A federal judge allowed New York’s new gun control laws to take effect as scheduled Thursday, but his sharply worded decision made clear he believes they plainly violate the U.S. Constitution.
U.S. District Judge Glenn Suddaby of Syracuse issued a 78-page ruling late Wednesday that could herald an ominous future for the state’s newly enacted laws, including a measure that bans guns in dozens of “sensitive locations” like restaurants, bars, health care facilities, and the Times Square area.
Suddaby tossed the lawsuit from the gun rights organization Gun Owners of America on technical grounds, finding the plaintiffs — which included a Ukrainian immigrant living in Schenectady County — didn’t have legal standing to sue. He also denied their request for a preliminary injunction that would have blocked the gun control laws from taking effect.
But the judge’s ruling also made clear he didn’t think the state’s new law — known as the Concealed Carry Improvement Act, or CCIA — would ultimately pass legal muster, saying key parts of the measure are unconstitutional and go far beyond the June Supreme Court ruling that made it easier to legally obtain a permit to carry a firearm in public.
“While pursuing the laudable goal of public safety, and in an attempt to curb ever-increasing mass shootings, the New York state Legislature has generated an unconstitutional statute in the CCIA,” Suddaby wrote.
The new gun control measures were in direct response to the Supreme Court’s decision earlier this summer, which invalidated a century-old New York law that required gun owners to show “proper cause” — basically a special need for self-defense, or something similar — for a permit that allows them to carry in public.
The law had the effect of making most people eligible to apply for and receive a concealed carry permit. But eight days after the ruling, Gov. Kathy Hochul and the Democrats who control the state Legislature approved a series of new gun control measures, including the gun ban in so-called sensitive locations.
The measures also included more rigorous requirements to obtain a concealed carry permit, forcing new applicants to turn over three years of their social media accounts, sit for an in-person interview, and take 18 total hours of training. It also added a measure saying gun permits could only be issued to people of “good moral character.”
Gun Owners of America, a Virginia-based group, challenged those provisions, arguing that they were arduous and had the effect of banning guns in most public places — which they claimed violated the Second Amendment.
While Suddaby rejected the group’s lawsuit on technical grounds, he ultimately agreed with the group’s main substantive challenges.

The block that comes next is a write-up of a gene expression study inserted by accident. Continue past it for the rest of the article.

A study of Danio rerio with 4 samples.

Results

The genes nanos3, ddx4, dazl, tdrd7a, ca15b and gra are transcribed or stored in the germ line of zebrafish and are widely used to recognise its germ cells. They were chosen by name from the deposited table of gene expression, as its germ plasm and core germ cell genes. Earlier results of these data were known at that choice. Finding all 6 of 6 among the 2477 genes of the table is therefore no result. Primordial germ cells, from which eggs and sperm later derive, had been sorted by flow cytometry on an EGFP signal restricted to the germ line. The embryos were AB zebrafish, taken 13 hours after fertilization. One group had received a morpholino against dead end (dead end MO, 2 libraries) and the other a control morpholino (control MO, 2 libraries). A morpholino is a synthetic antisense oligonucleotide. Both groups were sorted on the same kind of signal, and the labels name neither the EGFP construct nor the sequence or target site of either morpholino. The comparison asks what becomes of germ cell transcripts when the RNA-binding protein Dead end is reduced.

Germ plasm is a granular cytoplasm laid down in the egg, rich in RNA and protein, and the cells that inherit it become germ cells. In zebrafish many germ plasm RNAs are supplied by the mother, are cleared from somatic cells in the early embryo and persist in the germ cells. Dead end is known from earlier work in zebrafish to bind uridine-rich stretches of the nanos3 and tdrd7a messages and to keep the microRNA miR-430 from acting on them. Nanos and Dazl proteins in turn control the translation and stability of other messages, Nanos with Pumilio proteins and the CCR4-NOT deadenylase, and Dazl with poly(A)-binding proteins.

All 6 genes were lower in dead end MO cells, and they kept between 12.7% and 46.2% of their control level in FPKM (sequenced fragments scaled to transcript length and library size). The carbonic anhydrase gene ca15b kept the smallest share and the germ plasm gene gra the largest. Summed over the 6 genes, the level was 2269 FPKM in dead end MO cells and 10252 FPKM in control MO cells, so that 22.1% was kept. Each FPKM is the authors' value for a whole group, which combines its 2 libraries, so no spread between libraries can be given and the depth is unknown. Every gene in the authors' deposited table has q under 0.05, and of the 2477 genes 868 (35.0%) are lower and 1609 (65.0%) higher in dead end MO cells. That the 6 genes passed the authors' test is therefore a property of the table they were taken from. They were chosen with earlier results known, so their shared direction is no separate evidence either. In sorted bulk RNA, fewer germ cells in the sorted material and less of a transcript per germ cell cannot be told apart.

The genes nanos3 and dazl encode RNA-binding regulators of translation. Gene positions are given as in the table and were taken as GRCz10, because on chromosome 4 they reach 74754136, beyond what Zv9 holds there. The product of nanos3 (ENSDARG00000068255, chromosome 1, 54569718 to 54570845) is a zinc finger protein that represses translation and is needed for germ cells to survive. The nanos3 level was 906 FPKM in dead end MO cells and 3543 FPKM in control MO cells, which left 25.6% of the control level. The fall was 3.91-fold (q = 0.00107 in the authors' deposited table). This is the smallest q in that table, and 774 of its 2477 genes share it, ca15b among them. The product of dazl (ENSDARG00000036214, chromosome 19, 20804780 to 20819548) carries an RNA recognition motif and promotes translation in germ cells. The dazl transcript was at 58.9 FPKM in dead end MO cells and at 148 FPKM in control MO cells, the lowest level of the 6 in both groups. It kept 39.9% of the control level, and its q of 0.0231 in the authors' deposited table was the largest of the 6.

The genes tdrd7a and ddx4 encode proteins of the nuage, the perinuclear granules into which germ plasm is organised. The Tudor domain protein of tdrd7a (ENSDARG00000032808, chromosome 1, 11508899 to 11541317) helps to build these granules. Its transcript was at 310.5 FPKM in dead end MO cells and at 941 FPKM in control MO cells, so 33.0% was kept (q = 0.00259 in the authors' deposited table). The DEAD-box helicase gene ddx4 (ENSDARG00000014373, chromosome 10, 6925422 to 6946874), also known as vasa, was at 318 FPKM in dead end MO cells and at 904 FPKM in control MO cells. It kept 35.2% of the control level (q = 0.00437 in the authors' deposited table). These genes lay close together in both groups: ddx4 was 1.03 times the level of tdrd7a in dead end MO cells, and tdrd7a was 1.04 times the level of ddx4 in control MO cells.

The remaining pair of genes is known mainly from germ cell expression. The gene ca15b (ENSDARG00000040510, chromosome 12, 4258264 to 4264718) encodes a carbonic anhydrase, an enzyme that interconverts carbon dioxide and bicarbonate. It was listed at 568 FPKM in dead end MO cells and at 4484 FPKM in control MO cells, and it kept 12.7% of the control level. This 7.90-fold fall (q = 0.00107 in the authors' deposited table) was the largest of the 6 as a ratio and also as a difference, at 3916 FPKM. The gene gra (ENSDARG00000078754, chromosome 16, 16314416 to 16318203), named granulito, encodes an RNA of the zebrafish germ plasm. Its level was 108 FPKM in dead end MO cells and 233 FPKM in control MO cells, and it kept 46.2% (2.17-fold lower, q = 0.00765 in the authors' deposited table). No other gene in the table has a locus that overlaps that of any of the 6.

The list of “sensitive places” where guns are banned is far too extensive, he wrote. It went well beyond the short list of locations where the Supreme Court signaled gun-free zones would be permitted, such as churches and schools.
“The CCIA’s list of ‘sensitive locations’ is indeed almost limitless,” Suddaby wrote.
The [new law's] list of ‘sensitive locations’ is indeed almost limitless
The judge also took issue with the “good moral character” provision of the state law, which says permits should only be issued to people who can prove they have the “temperament and judgment necessary … to use (a gun) only in a manner that does not endanger oneself or others.”
Suddaby argued the measure was too subjective, leaving open the possibility for a variety of interpretations, and therefore unconstitutional — similar to the reasoning the Supreme Court gave for tossing New York’s previous concealed carry law. He also took lawmakers to task for failing to add a qualifier that makes clear that permit holders can use their guns for self-defense.
All in all, Suddaby knocked the new gun control laws as less of a “measured response” to the Supreme Court ruling and more of a “wish list of exercise-inhibiting restrictions glued together by a severability clause in case some of the more fanciful restrictions were struck down.”
Suddaby, the chief judge of New York’s Northern District that stretches from Albany toward Syracuse and up to the Canadian border, was appointed in 2007 by then-President George W. Bush.
New York’s top Democrats sought to accentuate the positives in Suddaby’s ruling, noting that he allowed the laws to take effect.
“It is a just and right decision, and our smart, sensible gun laws will go into effect as planned … to keep New Yorkers safe,” Hochul said in a statement.
Attorney General Letitia James, whose office defended the Hochul administration in the lawsuit, called it “a victory in our efforts to protect New Yorkers,” and went as far as to take a victory lap over the gun lobby on Twitter.
“The gun lobby is trying to destroy New York’s common-sense gun law,” she tweeted. “We beat them in court. Let’s go.”
But at least one other lawsuit — filed by former congressional candidate Carl Paladino of Buffalo — remains pending. And, following Suddaby’s ruling, more are likely on the way — including the possibility of a suit from the New York State Rifle and Pistol Association, the NRA affiliate that was the lead plaintiff in the Supreme Court case earlier this year.
“This illegal law will go down,” the state Republican Party tweeted late Wednesday.